Beginning in 1976, if you were a penniless poet in New Paltz who wanted some posters to put up around town to publicize your upcoming reading, or a small environmental organization in Gardiner or Stone Ridge who needed envelopes with your logo to do a year-end fundraising appeal, you knew where to go to get the best deal: Canal Press in Rosendale. Over his 43 years in business, owner Bob Freeston has always had a reputation for being supportive of local artists and not-for-profit endeavors. If there was a way to make your printing dreams come true at a price you could scrape together, Bob was the guy to make it happen. While the presses ran, you could hang out at the shop, talk politics and philosophy and how the world might be made a better place.
But that 43-year run is finally coming to an end. Canal Press will soon be closing its doors at 451 Main Street forever; a lot of the printing machinery and other accumulated remnants of four-plus decades of doing business have already been moved out the door. For most of those decades, the owner was also the only employee at Canal Press. “At its height, I had one part-time person,” he recalls. “My model for the business was to work nine-and-a-half hours a day and take seven weeks off a year.” Knowing that February and July were his slowest months, each January and June Freeston would remind his regular clients to get their printing needs fulfilled before he shut down for the better part of a month. He never started a family or owned pets, so he remained free to explore the world. “I did what I wanted to do,” he says, with the air of a man at peace with his own choices. “I like travel.”
Globetrotting won’t be a focus of his retirement, however. At age 75, he wants to devote his remaining years to the cause closest to his heart: promoting alternative energy technologies. For a long time now, Canal Press has only been open in the afternoons, so that Freeston could spend most of his hours – even when he’s on the premises – educating himself and others about a greener future. He was the co-founder of the New York Solar Energy Society and remains actively involved in spreading knowledge about emerging technologies for photovoltaics, wind turbines, energy storage and related topics. The organization works closely with architects and builders, setting up booths at industry fairs and conducting webinars. “Net zero construction is a priority,” Freeston says.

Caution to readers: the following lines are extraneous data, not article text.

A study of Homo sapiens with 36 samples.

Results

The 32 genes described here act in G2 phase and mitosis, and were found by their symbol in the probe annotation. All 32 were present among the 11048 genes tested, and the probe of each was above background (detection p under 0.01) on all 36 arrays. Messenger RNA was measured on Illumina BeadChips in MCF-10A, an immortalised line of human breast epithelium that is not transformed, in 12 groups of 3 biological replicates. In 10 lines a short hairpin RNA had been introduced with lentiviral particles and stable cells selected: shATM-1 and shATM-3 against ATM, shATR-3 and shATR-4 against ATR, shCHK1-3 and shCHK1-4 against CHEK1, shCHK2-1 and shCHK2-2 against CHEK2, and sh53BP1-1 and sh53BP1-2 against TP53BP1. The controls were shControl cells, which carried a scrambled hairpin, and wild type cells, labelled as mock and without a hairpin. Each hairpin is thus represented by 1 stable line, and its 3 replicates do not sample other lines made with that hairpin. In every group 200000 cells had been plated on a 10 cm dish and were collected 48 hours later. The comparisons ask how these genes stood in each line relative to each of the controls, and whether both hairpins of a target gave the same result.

Times and technologies are changing, he knows, and the market for single-color or two-color offset printing has been shrinking for years. Many longtime Canal Press clients have taken their business elsewhere in search of four-color options. “I just do it to pay the bills,” he says. “The presses are 40 years old. The new stuff works for five or six years, if you’re lucky. I never bothered to learn the new technology.” There’s no bitterness in his voice; he has clearly found his business niche, worked it long enough to see the world and live on his own terms; he is now ready to pass on what remains of his client base to a younger, more competitive enterprise that can provide a broader range of services.
The entity taking the reins – although not the location – is Cornerstone Services, Inc., a New Paltz-based direct mail company, founded by a longtime customer of Canal Press, Sean Griffin. “He goes way back,” says Freeston. “I’m giving him my contacts, my customer base. A letter already went out introducing him. In return I’m getting a lot of help with the transition.” Griffin’s employees show up as needed to move heavy machinery out of the print shop’s basement, and he’s buying up much of the leftover Canal Press paper stock.
A Dutchess County native, Griffin started an “accidental career” in the financial sector, finding success in his involvement in a startup company founded by some of his former Union College fraternity brothers; he also worked for a while for Goldman Sachs. But he wanted to create his own business, and in 1998 opened Cornerstone Services in Wallkill as a means of “packing my parachute.” Not much happened with it for a while, he says; but “I started knocking on printers’ doors,” and developed a friendship with Bob Freeston that also served as his apprenticeship in the printing trade. “I instantly liked him when I met him. He’s very genuine, very consistent in how he conducts himself…Canal Press was one of the very few phone numbers I memorized early on, because I called him so often to talk over conceptual things. I learned a lot from him.”
Not only did Freeston offer sage advice, but he also sold Cornerstone some secondhand printing equipment, including a standing paper jogger that Griffin says they “still use every week.” When business gradually started picking up for Cornerstone, Griffin would job out some of his overflow to Canal Press because “I knew he did a good job and I could trust him.”
Printing is only one facet of the services that Cornerstone offers, and much of its work involves mailings for not-for-profits, municipalities and public agencies, so there’s already considerable synergy between the two businesses’ constituencies. “This is very natural,” Griffin says of the buyout. “Bob and I have been talking about this for two or three years. It seemed like a good fit. The Venn diagrams overlap with our customers…Bob wants to make sure the people for whom he’s working are not left untethered.”
Where those longtime Canal Press clients choose to take their future business is up to them, of course. But Griffin believes that the good vibes that Freeston generated in Rosendale and beyond will continue to reverberate. “It’s people like Bob who build communities,” he says. “He’s the definition of a solid citizen. Everyone is better in his presence.”